February 08, 2003
After their return to international cricket, South Africa have had three cracks at cricket's most coveted title. Each time in vain. This time, though, as the main hosts of the 44-day tournament, the Proteas have their best chance yet. Shaun Pollock, the South Africa captain, talks to Ashish Magotra on the eve of the opening match about his team and its chances.
You play the West Indies in the first match of the World Cup tomorrow. What is it like taking them on after that close match in Colombo in the Champions Trophy?
We won that game although we didn't play well enough in some areas. The Windies are a good side. We have studied them hard and long, and we are focussed. We are only looking to the next match instead of planning too far ahead. I have not even thought about the match against New Zealand [February 16], and there is Kenya [February 12] before that.
South Africa goes into the tournament in a blaze of controversy. Do you see this working for [or against] you on home turf?
Once the cricket starts all the other controversies will be forgotten. Cricket is the main thing and we should be focussed on that. As for home pressure, we play at home all the time -- Tests and one-day matches. That is nothing to worry about. And, anyway, is there a sweeter place to win cricket's most coveted trophy than at home in front of your own people?
But the defeat against Western Province in the warm-up match must rankle?
We weren't focussed enough. I don't mind losing but if we lose without making our best effort, it is not on. I had a chat with the guys after the defeat and read them the riot act. In a way, the defeat was a wake-up call. That we should not get into that frame of mind or play that kind of cricket over the next six weeks.
Is the perception that South Africa's bowling attack is stronger than its batting line-up justified?
We have a lot of all-rounders and that is the reason our bowling looks strong. Andrew Hall can open the batting for us. [Jacques] Kallis, Lance [Klusener], [Nicky] Boje are all batsmen who are equally adept at bowling. We have more all-rounders than specialists and that presents the appearance that we have more bowlers in the side. I think we've given the guys the best opportunity to be ready for the tournament. That's the way we have picked our squad.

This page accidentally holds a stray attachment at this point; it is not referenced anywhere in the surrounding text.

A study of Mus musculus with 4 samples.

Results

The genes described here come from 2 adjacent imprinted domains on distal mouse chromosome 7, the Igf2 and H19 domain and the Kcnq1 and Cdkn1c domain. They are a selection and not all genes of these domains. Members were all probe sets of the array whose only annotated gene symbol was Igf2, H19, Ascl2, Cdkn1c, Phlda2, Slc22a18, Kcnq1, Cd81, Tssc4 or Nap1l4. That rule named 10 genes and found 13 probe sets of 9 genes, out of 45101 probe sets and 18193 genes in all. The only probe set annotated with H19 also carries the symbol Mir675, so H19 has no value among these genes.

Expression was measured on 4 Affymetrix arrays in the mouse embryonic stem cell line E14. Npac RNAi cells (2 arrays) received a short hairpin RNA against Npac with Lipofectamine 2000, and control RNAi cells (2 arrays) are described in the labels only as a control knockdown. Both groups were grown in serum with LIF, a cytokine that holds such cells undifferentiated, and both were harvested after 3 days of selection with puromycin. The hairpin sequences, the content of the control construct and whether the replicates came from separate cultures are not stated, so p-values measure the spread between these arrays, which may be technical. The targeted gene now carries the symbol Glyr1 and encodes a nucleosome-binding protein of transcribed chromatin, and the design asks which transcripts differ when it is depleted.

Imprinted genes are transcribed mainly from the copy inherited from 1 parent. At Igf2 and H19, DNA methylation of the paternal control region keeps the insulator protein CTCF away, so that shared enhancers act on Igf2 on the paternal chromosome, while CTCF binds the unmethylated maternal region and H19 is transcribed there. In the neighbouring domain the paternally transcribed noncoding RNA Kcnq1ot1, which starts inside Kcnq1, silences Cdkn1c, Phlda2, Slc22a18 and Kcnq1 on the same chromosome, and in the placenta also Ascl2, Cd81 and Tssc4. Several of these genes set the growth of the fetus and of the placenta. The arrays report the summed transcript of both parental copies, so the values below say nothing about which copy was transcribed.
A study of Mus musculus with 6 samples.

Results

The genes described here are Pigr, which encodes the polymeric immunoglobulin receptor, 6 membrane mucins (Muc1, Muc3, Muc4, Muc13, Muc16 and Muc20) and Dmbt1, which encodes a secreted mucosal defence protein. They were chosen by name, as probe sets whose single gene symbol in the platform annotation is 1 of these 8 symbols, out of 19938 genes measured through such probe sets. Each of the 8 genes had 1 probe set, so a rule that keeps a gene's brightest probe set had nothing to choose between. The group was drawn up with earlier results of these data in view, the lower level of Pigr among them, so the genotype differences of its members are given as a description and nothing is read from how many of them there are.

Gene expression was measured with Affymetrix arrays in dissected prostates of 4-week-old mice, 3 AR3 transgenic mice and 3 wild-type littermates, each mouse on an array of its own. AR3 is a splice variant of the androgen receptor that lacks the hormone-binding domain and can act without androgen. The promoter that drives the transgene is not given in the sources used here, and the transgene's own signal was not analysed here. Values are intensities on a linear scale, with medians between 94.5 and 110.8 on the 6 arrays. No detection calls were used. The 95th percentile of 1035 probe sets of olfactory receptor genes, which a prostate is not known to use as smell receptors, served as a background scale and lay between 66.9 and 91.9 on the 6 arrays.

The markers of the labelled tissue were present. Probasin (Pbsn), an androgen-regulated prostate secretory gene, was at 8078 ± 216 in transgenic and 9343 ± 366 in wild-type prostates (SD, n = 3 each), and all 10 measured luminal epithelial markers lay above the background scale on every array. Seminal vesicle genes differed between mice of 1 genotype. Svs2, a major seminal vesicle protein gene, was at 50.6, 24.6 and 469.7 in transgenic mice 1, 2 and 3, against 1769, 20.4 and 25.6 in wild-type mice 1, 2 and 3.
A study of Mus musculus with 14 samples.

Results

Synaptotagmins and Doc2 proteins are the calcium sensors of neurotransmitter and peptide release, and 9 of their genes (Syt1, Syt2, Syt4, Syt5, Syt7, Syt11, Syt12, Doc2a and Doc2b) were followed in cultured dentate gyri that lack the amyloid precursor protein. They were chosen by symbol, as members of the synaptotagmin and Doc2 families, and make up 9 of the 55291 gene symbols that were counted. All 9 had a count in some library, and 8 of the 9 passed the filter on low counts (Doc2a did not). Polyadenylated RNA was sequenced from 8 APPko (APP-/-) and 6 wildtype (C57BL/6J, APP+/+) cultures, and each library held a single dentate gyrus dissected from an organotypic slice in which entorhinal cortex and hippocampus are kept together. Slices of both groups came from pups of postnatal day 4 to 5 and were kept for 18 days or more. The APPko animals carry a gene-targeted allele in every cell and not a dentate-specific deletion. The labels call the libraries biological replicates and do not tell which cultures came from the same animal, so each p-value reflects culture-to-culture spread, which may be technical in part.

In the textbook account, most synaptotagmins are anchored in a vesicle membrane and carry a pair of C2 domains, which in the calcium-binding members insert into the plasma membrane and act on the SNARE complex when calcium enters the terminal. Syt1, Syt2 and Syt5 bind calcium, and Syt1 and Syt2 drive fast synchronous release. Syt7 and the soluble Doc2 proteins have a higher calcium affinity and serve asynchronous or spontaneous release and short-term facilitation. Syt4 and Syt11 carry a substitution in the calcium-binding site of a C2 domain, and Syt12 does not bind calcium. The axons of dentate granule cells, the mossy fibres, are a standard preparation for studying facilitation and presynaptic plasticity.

Do you foresee a South Africa vs Australia final as most people do?
There is a lot of positive talk in South Africa. Most South Africans would really like that game because of what has happened in the past and the way we played. But to think that far ahead is dangerous. We will just concentrate on our first game and take it from there. Obviously, from the host perspective, I would love to see ourselves in the final and we will be trying our damnedest to get there. But we wouldn't mind who we meet in the final as long as we make it to that stage.
You stepped into the captain's shoes at a very difficult time. What has it been like replacing Hansie Cronje?
Under Hansie I picked up a lot of points about captaincy. But it is important that you put your own style of captaincy into play. And that's what I am doing. I have learnt a lot from other captains, too, and will summon it during the World Cup.
Allan Donald and Jonty Rhodes have said that they will dedicate a South African victory in the finals to Cronje. How do you see that?
I don't see that troubling the team in anyway. Each individual who plays in the World Cup has some motivation or the other on why they want to win the tournament. Allan and Jonty have only voiced their opinion and I don't see that disturbing the focus of the South African team.
Every World Cup has seen a few new trends emerge. Do you see this tournament being any different for the earlier ones?
I am sure there will be some ideas that different teams will try out and it is always exciting to see the new players and trends come through.